On Wednesday, Basilicata is, for one day at least, at the epicentre of the Giro d’Italia, playing host to a testing uphill finish in the village of Viggiano.
After last year’s striking finale in Matera, where John Degenkolb won the sprint, it’s the second time in as many editions that the corsa rosa has visited a region of haunting beauty that is also one of Italy’s poorest and most isolated. For Domenico Pozzovivo (Ag2r-La Mondiale), stage 5 will be a particularly moving experience. The race passes through his hometown of Montalbano Jonico, a hilltop village inland from the Ionian Sea, the “instep” of Italy’s boot.
“It’s important for the region that the race is coming through because it’s not something that happens often and it’s even more important for me personally because it passes right through my home in Montalbano Jonico,” Pozzovivo told Cyclingnews. “It’s an historic day because it’s the first time the Giro has ever gone through the village, and we’ve got the intermediate sprint too.”
Basilicata’s status on the fringes of Italian economic life is reflected in its cycling scene. By the age of 17, Pozzovivo had exhausted his possibilities in southern Italy and was forced to make the long, lonesome trek north in order to pursue a career in the sport, arriving first in Piedmont and later in Tuscany and Lombardy, before finally settling in Castelfranco Veneto while riding for amateur outfit Zalf-Fior.
“There are races in Basilicata when you’re under-12 or under-14 but there are fewer and fewer as you get older and eventually you have to move to the centre or north of Italy if you want to continue racing,” he said. “And that’s not easy for a young rider, moving so far away from your friends and family. I’ve always hoped that the situation would change but it’s hard to see that happening.”
Pozzovivo continued to live in the Veneto for his first three years as a professional, before returning home to Basilicata, although he acknowledged that simply travelling to races is a complicated endeavour. “I always have to go by plane and the airports aren’t so close – either Bari or Naples, so it can be a bit difficult,” he said.
Inadvertently, there is a certain symbolism that the Giro’s visit to Basilicata culminates in Viggiano. The nearby Val d’Agri is the site of mainland Western Europe’s largest oil field, yet in spite of that precious resource, unemployment remains high in the region and many young people – like Pozzovivo was – are forced to move northwards in search of work.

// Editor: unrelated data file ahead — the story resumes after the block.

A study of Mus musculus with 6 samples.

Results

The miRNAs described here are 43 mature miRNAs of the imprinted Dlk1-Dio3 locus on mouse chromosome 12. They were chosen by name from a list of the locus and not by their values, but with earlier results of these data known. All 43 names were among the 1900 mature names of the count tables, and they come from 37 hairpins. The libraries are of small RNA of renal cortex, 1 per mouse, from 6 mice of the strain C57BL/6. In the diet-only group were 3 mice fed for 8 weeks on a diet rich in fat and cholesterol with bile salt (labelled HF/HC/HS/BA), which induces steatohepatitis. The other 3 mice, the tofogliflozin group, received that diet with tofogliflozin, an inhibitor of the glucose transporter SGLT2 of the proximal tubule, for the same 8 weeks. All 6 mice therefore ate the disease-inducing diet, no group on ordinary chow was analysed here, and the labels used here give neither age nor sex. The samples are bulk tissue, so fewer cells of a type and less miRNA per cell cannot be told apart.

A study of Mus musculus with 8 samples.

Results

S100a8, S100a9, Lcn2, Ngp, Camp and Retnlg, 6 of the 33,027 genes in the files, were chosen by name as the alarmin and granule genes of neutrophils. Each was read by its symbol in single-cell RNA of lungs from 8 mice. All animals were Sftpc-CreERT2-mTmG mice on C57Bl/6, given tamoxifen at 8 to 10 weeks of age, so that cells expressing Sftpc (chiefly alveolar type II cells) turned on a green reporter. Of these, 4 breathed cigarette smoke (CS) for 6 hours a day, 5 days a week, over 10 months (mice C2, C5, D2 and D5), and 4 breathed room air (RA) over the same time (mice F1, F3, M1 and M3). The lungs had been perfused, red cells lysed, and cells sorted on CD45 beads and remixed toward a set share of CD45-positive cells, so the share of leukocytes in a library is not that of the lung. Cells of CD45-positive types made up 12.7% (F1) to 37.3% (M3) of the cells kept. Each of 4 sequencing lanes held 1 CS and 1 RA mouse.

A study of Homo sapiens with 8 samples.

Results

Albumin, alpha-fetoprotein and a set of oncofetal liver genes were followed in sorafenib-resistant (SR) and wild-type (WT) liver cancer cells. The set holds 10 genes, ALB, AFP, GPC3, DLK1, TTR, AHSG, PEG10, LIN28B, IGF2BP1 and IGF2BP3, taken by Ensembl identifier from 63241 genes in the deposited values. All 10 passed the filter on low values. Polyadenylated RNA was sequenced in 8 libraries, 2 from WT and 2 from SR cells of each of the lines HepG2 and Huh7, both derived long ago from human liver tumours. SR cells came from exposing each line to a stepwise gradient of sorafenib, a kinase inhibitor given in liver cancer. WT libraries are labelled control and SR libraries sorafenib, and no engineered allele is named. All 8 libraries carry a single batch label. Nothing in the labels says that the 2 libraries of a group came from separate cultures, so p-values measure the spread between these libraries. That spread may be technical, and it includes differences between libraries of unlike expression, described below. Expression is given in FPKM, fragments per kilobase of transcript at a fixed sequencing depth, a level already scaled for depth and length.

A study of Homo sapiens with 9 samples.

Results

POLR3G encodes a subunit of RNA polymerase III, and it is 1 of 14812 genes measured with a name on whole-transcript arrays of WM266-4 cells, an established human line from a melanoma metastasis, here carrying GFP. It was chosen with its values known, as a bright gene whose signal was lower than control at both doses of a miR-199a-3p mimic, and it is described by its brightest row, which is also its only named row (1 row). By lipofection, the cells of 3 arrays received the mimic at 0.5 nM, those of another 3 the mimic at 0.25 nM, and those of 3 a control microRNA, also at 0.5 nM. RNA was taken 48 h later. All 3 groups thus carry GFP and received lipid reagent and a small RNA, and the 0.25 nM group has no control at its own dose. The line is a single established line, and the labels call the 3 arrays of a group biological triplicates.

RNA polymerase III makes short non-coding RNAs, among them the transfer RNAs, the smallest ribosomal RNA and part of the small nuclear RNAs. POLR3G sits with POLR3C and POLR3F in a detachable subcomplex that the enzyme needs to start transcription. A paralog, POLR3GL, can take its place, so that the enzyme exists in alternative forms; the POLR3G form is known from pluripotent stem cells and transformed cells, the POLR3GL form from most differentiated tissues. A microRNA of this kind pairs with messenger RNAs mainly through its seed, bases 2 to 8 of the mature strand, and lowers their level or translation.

“It’s very important for the region to have a stage like this because it shows off that we have natural riches like the nature and landscape, but also natural resources like oil,” Pozzovivo said. “The problem is that you need to know how to take advantage of those resources to create work for young people in Basilicata, because as things are at the moment, all of the young people are leaving my region.
“I think it’s a political problem – these resources should be used and [the proceeds should be] distributed to help those who want to create new things in the region.”
On Wednesday, Pozzovivo’s focus will be on the cut and thrust of the Giro d’Italia rather than the economic and social hardships of his home region. The finish line in Viggiano is atop a category 4 climb (1km at an average gradient of 7%), which is climbed twice in the finale with a testing descent in between.
It is the first hilltop finish of the Giro, but while Pozzovivo expects the first ascent to Viggiano to whittle down the peloton, he believes the primary contenders for overall honours will all finish together.
“I think guys like [Diego] Ulissi will be up there for the stage win and for us GC riders, the aim is to be there or thereabouts,” he said. “We need to avoid splits and avoid getting left behind, but it’s hard to envisage that there will be any real gaps between us."
“I know the climb well because it’s not very far from where I live. It’s a very rideable climb on a wide road, so I think you’ll have a group of around 20 or 30 riders sprinting it out at the finish. Seeing as we do the climb twice, I think the finishing circuit will force a little selection.”
Pozzovivo starts his home stage in 73rd place overall, 53 seconds behind Rigoberto Uran (Omega Pharma-QuickStep) and 51 seconds down on Cadel Evans (BMC), but just three seconds behind Nairo Quintana (Movistar) and 35 seconds ahead of Joaquim Rodriguez (Katusha).
The diminutive climber’s target for the Giro is a top five finish in Trieste, and he declared himself pleased with his management of the troika of Irish stages that opened the race.
“It’s been very positive. We did the best team time trial we could and I didn’t lose much time,” Pozzovivo said. “In the stages afterwards I avoided risk and falls, so I think the report is good so far. Now the real Giro starts.”